A pair of six-fold paper screens painted in ink on a buff ground with rocks and waves amongst gold clouds.
The inspiration for this pair of screens comes from a set of twelve scrolls (originally fusuma (sliding doors) and wall panels, six of which are illustrated in Hasegawa Tōhaku: 400th Memorial Retrospective, pp. 156/157, pl. 46.) These scrolls are designated an Important Cultural Treasure, Zenrin-ji temple, Kyoto.
|Location of Origin: Japan|
|Medium/Materials: paper, ink|
|Dimensions: H. 70½” x W. 149½” (179cm x 380cm)|
|Primary Classification: Asian Art : Japanese Antiques|
|Eight of the set of twelve scrolls are also illustrated in: Momoyama. La Edad de Oro del Arte Japonés (1573-1615), pp. 218-219, no. 65.|
For an almost identical pair of screens attributed to Hasegawa Tōgaku (d. 1623) see: Giappone Potere E Splendore 1568-1868, pp. 172-175, pl. IV.5. Private collection, U.S.A.
To the best of my knowledge the only other extant example is currently in the collection of the Idemitsu Museum bearing the inscription: Sesshū Yori godai Hasegawa hōgen Tōhaku hitsu (I myself claim to be the fifth generation of Sesshū, painted by Hasegawa Tōhaku with the title of hōgen) with the seals of Hasegawa and Tōhaku, and can be seen in: Japanese Design in Art, no. 12, Sceneries and Landscapes, p. 95, pl. 91.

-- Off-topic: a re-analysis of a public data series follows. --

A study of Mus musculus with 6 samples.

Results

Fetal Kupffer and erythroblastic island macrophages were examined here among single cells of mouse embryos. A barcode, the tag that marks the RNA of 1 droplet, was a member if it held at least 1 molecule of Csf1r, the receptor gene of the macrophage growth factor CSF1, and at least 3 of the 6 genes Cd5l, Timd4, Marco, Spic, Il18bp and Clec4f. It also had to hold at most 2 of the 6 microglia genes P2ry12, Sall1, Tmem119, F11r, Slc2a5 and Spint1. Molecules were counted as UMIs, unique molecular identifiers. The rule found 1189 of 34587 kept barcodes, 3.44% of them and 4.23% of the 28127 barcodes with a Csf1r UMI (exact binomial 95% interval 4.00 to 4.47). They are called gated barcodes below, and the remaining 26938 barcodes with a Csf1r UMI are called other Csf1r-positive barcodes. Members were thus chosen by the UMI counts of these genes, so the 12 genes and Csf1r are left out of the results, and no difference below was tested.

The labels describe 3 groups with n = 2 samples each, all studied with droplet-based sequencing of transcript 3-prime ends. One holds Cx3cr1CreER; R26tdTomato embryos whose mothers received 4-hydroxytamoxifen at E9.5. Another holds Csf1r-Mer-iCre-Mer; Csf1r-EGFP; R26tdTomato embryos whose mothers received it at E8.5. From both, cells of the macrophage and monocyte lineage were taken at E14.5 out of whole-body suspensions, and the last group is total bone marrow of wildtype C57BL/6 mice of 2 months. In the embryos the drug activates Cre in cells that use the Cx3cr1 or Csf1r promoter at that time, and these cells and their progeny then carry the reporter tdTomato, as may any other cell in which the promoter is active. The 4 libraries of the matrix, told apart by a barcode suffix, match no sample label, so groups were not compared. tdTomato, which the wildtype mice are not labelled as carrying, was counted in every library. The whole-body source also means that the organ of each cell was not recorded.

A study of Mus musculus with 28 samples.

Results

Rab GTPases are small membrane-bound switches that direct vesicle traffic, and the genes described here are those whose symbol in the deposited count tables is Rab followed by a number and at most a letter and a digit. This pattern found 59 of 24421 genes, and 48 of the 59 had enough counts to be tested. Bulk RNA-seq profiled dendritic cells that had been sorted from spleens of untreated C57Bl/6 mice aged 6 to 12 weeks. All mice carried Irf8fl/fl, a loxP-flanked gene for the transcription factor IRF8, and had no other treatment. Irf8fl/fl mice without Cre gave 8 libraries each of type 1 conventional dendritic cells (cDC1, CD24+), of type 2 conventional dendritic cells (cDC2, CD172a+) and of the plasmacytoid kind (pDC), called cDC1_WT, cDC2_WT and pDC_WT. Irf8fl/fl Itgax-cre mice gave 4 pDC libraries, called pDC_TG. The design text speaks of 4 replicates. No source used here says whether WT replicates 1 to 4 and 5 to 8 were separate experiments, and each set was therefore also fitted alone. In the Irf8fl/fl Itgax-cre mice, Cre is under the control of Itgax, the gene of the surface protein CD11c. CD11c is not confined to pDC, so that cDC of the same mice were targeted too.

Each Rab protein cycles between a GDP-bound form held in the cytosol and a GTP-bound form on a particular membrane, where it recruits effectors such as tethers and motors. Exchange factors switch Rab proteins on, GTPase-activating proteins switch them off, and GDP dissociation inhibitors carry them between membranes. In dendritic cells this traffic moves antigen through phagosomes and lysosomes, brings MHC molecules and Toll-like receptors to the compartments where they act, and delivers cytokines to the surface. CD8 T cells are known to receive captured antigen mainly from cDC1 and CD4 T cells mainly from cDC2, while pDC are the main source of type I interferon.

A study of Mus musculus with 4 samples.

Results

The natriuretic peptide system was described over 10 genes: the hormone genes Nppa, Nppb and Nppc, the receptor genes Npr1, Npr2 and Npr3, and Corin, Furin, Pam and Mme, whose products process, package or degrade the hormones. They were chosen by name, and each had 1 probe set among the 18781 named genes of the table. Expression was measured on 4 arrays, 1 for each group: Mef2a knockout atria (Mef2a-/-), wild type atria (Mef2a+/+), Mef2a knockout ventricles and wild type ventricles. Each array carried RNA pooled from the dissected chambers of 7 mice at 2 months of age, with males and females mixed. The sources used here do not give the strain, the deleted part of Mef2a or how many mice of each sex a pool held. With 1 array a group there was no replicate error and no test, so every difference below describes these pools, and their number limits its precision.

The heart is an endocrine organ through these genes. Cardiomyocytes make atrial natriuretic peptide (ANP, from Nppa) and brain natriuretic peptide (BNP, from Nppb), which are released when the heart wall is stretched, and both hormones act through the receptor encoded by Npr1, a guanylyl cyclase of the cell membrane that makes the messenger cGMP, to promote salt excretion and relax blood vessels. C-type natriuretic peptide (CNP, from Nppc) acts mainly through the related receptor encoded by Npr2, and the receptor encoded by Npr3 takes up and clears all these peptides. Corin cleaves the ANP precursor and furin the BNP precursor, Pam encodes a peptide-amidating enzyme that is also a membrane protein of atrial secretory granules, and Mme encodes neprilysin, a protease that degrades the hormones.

The Hasegawa school was founded by Hasegawa Tōhaku (1539-1610) in the late 16th century. Despite being small, consisting mostly of Tōhaku, his sons and sons-in-law, it is known today as one of the most influential artistic groups of the period. Its members conserved Tōhaku's quiet and reserved aesthetic, which many attribute to the influence of Sesshū Tōyō (1420-1506) as well as his contemporary and friend, Sen no Rikyū (1522-1591).
Tōhaku's most noted contemporary, Kanō Eitoku (1543-1590) often competed with Tōhaku for the patronage of Toyotomi Hideyoshi (1536-1598). After Eitoku's death in 1590, Tōhaku stood alone as the greatest living master of his time, becoming an official painter for Hideyoshi and producing some of his greatest and most elegant paintings. He and his atelier produced the wall and screen paintings in Shoun-ji temple commissioned by Hideyoshi in 1593, later moved to Chishaku-in Temple, Kyoto.
According to Tōhaku gasetsu, a contemporary account of Tōhaku, his interest in painting waves was inspired by the words of Tang-dynasty poet Du Fu when writing about the contemporary painter Wang Zai "Five days to paint a rock, ten days to paint a drop of water." It is also recorded in Tōhaku gasetsu that Tōhaku possessed a copy of a pair of screens of waves which were owned by Hosokawa Nariyuki, patron of the famous painter Tōshun (fl. 1506-1542).
At the age of 67 Tōhaku was summoned to Edo and granted the priestly title of hōgen by the Shogun Tokugawa Ieyasu and remained in the capital for the rest of his life.